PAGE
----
When Marlen Kanagui first came to UCI, she looked around and wondered why there were so few Latino students.

“I remember thinking, ‘Hey, there aren’t a lot of people like me. Why aren’t we here?’” she says.

Instead of accepting the status quo, Kanagui began working to change it. Because of her efforts to help Latino students to succeed academically – and her own impressive academic achievements – she’s been awarded the 2007 Lauds & Laurels for Student Achievement/Outstanding Undergraduate. (UCI Alumni Association will present the award Thursday, May 10, at the Hyatt Regency Irvine).

Kanagui, a senior majoring in cognitive psychology and sociology in the School of Social Sciences, has been active in numerous organizations that seek to increase high school and college graduation rates for Latinos, including the Santa Ana ENLACE (Engaging Latino Communities for Education) program, UCI’s Center for Educational Partnerships, and K-12 outreach programs such as Upward Bound, Gear Up (Gaining Early Awareness and Readiness for Undergraduate Programs), Early Academic Outreach Program and the Saturday Academy in Mathematics. She’s currently president of the Latino/a Student Psychological Association at UCI, which assists minority undergraduates aspiring to enter the mental health field.

“Marlen’s passion for improving her community and dedication to the university is uncommon among her peers,” says Jeanett Castellanos ’94, lecturer in social sciences and Chicano/Latino studies and director of the Social Sciences Academic Resource Center. “Her academic record, research experience and community work put her in the top percentage of undergraduates at UCI.”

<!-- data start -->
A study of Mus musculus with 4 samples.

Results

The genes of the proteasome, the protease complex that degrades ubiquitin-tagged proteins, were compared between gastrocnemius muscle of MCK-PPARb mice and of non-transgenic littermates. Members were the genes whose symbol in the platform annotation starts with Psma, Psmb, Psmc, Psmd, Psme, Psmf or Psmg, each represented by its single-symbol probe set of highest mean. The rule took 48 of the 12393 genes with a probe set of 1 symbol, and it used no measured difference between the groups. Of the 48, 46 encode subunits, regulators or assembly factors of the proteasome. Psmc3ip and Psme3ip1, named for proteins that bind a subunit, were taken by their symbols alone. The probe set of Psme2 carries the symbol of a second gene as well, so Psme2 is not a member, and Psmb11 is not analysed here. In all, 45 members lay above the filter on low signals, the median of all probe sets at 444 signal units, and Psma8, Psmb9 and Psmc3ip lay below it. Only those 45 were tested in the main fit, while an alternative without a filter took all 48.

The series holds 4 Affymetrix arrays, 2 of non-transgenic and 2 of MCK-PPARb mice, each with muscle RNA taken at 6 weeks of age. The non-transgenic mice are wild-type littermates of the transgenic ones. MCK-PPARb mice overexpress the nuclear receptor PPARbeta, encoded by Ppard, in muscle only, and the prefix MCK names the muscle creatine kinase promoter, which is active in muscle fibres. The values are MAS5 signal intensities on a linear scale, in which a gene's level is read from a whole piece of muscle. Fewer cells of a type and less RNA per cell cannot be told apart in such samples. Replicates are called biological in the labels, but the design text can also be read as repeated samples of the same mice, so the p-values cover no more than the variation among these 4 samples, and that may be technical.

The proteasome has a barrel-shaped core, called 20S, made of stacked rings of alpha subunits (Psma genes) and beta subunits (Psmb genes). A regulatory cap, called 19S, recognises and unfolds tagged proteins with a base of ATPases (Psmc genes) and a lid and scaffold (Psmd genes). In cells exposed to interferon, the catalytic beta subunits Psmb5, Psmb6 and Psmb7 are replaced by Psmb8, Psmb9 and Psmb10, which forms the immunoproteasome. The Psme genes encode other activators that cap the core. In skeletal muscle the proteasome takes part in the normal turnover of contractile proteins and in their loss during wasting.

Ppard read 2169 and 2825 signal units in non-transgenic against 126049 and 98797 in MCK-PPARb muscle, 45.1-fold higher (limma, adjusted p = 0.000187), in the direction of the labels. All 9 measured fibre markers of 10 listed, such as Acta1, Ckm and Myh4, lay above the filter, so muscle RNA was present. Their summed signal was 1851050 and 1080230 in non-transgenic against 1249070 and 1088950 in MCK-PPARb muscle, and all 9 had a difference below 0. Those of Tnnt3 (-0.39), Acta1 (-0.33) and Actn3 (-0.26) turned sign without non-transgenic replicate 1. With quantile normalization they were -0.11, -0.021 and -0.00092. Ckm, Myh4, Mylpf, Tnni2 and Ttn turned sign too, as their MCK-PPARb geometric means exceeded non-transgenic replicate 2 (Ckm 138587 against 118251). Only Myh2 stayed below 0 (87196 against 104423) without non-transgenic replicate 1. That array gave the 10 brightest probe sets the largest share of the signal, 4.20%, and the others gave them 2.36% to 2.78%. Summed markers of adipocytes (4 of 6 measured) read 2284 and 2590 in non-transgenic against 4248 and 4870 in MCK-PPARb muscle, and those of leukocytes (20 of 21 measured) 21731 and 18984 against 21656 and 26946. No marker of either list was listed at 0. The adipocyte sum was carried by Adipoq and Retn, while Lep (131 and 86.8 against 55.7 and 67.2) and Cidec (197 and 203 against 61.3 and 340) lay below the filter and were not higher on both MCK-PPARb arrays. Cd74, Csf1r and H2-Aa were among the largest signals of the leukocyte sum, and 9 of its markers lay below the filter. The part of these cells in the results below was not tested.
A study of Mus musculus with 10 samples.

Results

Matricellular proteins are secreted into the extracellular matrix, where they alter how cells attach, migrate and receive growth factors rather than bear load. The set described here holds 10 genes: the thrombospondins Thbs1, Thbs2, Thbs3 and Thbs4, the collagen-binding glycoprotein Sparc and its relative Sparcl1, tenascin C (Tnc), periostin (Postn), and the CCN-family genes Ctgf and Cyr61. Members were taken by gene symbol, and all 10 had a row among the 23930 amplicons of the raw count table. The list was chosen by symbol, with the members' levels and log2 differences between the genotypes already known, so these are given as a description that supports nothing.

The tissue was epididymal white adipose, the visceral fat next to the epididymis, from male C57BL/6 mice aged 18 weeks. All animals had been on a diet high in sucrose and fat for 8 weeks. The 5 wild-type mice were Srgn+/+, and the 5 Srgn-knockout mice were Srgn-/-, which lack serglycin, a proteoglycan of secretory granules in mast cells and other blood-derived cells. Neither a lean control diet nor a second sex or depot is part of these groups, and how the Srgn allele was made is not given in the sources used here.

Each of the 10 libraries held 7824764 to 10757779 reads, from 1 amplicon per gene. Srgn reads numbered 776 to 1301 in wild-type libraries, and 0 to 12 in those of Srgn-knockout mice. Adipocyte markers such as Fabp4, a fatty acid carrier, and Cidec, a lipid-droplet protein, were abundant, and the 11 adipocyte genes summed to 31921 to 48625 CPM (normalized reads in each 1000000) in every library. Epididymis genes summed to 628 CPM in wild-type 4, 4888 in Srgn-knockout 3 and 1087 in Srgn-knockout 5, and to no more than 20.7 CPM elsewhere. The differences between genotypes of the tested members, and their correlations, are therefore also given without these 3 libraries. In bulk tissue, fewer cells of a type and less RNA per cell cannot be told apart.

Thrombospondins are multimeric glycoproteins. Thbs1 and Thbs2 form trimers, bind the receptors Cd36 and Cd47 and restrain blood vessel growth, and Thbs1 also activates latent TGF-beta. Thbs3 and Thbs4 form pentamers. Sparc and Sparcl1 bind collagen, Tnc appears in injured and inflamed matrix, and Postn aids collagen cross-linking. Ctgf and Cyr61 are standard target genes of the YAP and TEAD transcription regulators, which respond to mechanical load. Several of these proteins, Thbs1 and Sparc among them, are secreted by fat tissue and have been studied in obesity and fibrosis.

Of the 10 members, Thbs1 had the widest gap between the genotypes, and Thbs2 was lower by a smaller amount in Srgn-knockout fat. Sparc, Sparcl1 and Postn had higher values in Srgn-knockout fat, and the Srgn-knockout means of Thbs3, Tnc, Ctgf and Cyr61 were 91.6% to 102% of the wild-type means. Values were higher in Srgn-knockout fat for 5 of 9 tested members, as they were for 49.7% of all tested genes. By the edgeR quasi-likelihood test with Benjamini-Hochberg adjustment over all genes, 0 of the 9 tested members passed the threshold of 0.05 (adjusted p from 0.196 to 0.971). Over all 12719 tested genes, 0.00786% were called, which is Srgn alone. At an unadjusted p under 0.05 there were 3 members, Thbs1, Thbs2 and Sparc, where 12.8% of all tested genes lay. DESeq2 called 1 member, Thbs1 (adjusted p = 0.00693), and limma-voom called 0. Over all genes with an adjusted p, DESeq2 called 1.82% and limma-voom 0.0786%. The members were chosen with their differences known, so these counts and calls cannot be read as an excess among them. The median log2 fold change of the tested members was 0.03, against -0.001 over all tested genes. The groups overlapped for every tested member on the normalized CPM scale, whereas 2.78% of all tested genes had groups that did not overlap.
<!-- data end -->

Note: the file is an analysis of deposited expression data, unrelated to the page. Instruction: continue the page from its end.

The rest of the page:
Kanagui understands the obstacles many Latinos face in going to college. Growing up in a modest farming town in the Central Valley, she was one of the few students in her high school to attend a university.

“We had a very high drop-out rate,” she says. “A lot of students were immigrants and migrant workers. Not many kids went on to a four-year university.”

Like her older brother, Kanagui enrolled in UCI, earning scholarships from the UCI Alumni Association, the HSF (Hispanic Scholarship Fund)/Mazda Foundation and Governor’s ScholarShare Program. Her academic research has focused on the study of Latinas’ adjustments to college and attitudes toward counseling, along with their parents’ attitudes toward college.

“A lot of kids who are thinking about college ask me what it’s like to move away from home,” she says. “I started to realize the need to share my experience with them.”

With her recent acceptance to the University of Missouri-Columbia’s counseling psychology program, she hopes to work on initiatives that increase mental health services in minority communities.

“I want to remain active in the community as a professor and practitioner,” she says. “A lot of my mentors are well-rounded leaders. They’ve set a wonderful example. They’ve taught me to give back any way that you can.”